Every day, millions of people across the UK will tuck into food that is loaded with salt, sugar and fat, and over time this can have a negative effect on our health and wellbeing.

In many cases, people do not realise that what they are eating has added salt or sugar, and sometimes food that we would consider to be healthy is, in fact, bad for our health!

Recently, Mars Food, owner of the Dolmio and Uncle Ben’s brands, said it is rolling out recommendations for some of its products that would advise people to only consume them once a week and to view them as more of a treat and part of an overall balanced diet – even for its tomato sauces and pesto, which people may think of as a healthier option. As part of its health and wellbeing ambition, the company will soon distinguish between ‘everyday’ and ‘occasional’ items on packaging and its website – a move that has raised questions about why some food is so high in salt, sugar or fat to begin with.

With things that we might normally consider to be healthy possibly contributing to poor health, it is important to be aware of commonly eaten foods that could actually be doing us more harm than good, and to know what alternatives are out there to ensure we maintain a healthy diet.


While there is the saying that breakfast is the most important meal of the day, many people may actually be starting off with an unhealthy option. Lots of breakfast cereals are high in sugar – particularly the likes of frosted flakes and chocolatey options – but even perceived healthy cereals such as granola are packed with oil that can soon outweigh the energy-giving benefits due to their fat content. For a healthier breakfast alternative, why not try poached eggs on wholemeal toast with tomatoes. 


The perceived healthy option on every menu may actually be a secret fat and salt haven, when extras are factored in. Although lettuce, tomatoes and cucumber are certainly healthy, many salads are livened up by adding cheese, croutons, salad cream and other dressing which can soon ramp up the calorie count without even filling you up, creating a double-edged sword. Rather than choose a creamy dressing high in fat, sugar and calories, opt for a simple dressing of extra virgin olive oil and balsamic vinegar; just as tasty but better for your waistline!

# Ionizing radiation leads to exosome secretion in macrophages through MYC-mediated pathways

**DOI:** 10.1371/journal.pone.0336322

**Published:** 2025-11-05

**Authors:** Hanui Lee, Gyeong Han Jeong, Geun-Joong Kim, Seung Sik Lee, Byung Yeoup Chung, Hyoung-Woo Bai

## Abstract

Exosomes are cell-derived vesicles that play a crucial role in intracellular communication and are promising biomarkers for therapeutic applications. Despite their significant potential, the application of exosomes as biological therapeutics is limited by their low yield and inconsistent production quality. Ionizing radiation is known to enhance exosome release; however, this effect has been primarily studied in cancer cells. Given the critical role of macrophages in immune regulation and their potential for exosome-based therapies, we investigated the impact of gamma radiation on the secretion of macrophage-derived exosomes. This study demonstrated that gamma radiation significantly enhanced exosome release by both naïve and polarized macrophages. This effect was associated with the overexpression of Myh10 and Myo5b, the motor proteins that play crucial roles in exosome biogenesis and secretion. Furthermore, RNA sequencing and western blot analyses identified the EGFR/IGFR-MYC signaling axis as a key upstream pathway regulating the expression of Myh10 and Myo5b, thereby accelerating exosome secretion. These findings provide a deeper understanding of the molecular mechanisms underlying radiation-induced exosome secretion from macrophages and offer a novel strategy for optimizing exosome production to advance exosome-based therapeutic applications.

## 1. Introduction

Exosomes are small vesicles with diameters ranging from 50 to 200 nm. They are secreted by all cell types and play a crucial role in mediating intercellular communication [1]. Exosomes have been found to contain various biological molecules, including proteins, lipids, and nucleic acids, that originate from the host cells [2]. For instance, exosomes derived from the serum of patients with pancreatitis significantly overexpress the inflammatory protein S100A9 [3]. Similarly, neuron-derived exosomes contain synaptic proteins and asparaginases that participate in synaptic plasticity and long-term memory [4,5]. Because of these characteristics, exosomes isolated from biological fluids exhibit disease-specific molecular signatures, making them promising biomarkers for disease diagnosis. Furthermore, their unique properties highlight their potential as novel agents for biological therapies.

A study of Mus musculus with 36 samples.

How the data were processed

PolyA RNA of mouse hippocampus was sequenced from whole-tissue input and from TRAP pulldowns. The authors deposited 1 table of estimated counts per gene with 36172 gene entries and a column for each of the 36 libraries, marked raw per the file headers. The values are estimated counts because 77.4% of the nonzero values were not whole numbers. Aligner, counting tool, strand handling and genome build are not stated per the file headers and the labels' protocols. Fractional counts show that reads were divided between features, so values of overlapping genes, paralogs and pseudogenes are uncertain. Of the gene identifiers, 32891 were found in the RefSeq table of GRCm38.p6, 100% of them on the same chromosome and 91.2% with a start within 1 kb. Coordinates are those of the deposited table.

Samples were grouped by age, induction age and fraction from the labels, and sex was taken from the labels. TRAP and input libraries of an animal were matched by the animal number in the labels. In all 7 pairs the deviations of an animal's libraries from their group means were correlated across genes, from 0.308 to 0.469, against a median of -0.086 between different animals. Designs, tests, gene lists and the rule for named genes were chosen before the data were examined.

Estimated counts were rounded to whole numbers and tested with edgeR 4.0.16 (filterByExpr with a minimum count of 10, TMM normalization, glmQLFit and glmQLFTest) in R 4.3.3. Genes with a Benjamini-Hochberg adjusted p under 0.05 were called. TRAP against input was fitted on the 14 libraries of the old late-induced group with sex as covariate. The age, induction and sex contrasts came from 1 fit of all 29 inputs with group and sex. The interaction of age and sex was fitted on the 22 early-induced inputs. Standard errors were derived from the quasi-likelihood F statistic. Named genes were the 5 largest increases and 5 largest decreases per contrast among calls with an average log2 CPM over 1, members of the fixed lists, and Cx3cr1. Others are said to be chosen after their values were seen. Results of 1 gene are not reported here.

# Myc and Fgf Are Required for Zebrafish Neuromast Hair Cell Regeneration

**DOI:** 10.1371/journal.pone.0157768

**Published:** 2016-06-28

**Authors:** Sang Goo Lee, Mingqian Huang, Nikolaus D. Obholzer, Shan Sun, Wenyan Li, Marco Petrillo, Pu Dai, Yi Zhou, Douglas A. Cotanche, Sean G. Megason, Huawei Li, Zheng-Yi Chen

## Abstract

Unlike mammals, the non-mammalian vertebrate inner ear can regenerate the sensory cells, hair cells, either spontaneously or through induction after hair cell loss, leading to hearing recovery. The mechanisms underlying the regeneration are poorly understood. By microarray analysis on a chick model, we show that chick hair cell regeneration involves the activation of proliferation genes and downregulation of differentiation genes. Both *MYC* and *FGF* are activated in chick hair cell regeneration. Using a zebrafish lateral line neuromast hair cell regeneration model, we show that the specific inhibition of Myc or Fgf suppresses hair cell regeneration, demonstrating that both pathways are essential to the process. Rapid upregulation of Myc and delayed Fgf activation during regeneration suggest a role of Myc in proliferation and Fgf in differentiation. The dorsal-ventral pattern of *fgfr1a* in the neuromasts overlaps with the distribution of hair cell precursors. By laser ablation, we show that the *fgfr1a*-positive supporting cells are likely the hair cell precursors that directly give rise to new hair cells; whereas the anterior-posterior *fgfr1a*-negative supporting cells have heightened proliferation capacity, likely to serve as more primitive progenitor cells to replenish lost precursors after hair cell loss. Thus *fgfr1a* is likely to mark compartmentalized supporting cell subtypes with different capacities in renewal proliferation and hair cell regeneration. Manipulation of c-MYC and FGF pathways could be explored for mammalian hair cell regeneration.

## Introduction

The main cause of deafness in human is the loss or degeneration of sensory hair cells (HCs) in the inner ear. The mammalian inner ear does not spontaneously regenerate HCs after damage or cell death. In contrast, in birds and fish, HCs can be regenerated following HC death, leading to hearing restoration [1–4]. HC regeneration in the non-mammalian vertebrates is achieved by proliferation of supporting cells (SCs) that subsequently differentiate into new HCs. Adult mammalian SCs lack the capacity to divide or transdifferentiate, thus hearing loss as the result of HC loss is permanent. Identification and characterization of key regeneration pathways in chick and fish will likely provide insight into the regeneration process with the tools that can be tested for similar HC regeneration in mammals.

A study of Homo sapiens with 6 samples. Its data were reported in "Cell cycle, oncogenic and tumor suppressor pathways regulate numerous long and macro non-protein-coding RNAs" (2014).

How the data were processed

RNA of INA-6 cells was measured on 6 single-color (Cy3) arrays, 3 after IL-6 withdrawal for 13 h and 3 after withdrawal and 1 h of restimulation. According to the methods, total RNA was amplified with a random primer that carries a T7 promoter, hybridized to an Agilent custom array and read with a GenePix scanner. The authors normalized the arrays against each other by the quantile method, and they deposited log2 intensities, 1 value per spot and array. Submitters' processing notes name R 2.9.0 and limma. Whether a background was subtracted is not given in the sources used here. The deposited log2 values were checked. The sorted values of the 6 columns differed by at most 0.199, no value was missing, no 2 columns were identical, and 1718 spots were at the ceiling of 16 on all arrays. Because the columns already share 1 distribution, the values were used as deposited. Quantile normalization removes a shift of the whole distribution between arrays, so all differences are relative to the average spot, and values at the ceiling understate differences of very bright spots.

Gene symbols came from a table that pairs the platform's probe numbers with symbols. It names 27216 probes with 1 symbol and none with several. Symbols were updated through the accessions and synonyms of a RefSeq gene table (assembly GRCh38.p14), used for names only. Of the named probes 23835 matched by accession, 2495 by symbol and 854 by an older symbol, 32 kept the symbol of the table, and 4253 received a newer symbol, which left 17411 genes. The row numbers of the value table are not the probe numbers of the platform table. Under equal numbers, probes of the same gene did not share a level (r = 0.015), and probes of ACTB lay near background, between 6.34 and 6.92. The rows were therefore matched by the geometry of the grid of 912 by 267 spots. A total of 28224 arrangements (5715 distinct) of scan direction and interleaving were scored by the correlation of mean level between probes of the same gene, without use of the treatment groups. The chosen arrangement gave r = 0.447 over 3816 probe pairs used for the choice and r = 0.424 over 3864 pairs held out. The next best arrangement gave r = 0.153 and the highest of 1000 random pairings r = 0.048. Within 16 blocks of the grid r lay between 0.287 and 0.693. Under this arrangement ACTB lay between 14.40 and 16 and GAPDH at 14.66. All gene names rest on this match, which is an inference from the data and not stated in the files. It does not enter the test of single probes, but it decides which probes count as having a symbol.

While it is recommend by the NHS that everyone eats five portions of fruit and vegetables per day, many people think that this means they can just eat 5 portions of fruit a day and no veg, but this is not the case. Fruit is very high in fructose which does not make you feel full, and so there can come a point when you are consuming far more sugar than is necessary. An apple a day may keep the doctor away, but five are too many! Carrot or celery sticks are a good alternative for a healthy snack.

Diet drinks

Although many diet drinks famously advertise themselves as having zero calories, this does not mean that they have no impact on health whatsoever. Artificial sweeteners used in diet drinks are intended to trick the body into thinking that it is consuming sugar, but the brain is more difficult to trick and in some cases it can actually have the opposite effect and drive the desire for calories, leading people to drink and eat more than they need.

Low-fat foods

There are many items of food in the supermarkets labelled low-fat, however these items are often ladened with sugar to make them taste better. Yoghurts are the worst culprit for this, with some brands packing as much as 20g of sugar into a small 150g pot. A healthy alternative to low-fat or fat-free yoghurts would be a serving of Greek yoghurt which is full of protein and can help keep you fuller for longer. If you have a sweet tooth, you could add a handful of raspberries to sweeten it slightly whilst keeping the health benefits!

According to the NHS, the key to a healthy diet is to consume things in proportion, which means balancing out fats, sugars and salt and eating in moderation and in line with physical activity. Keeping an eye on nutritional labels and consumption guidance can also ensure that people stay within the limits and avoid falling foul of secretly unhealthy foods.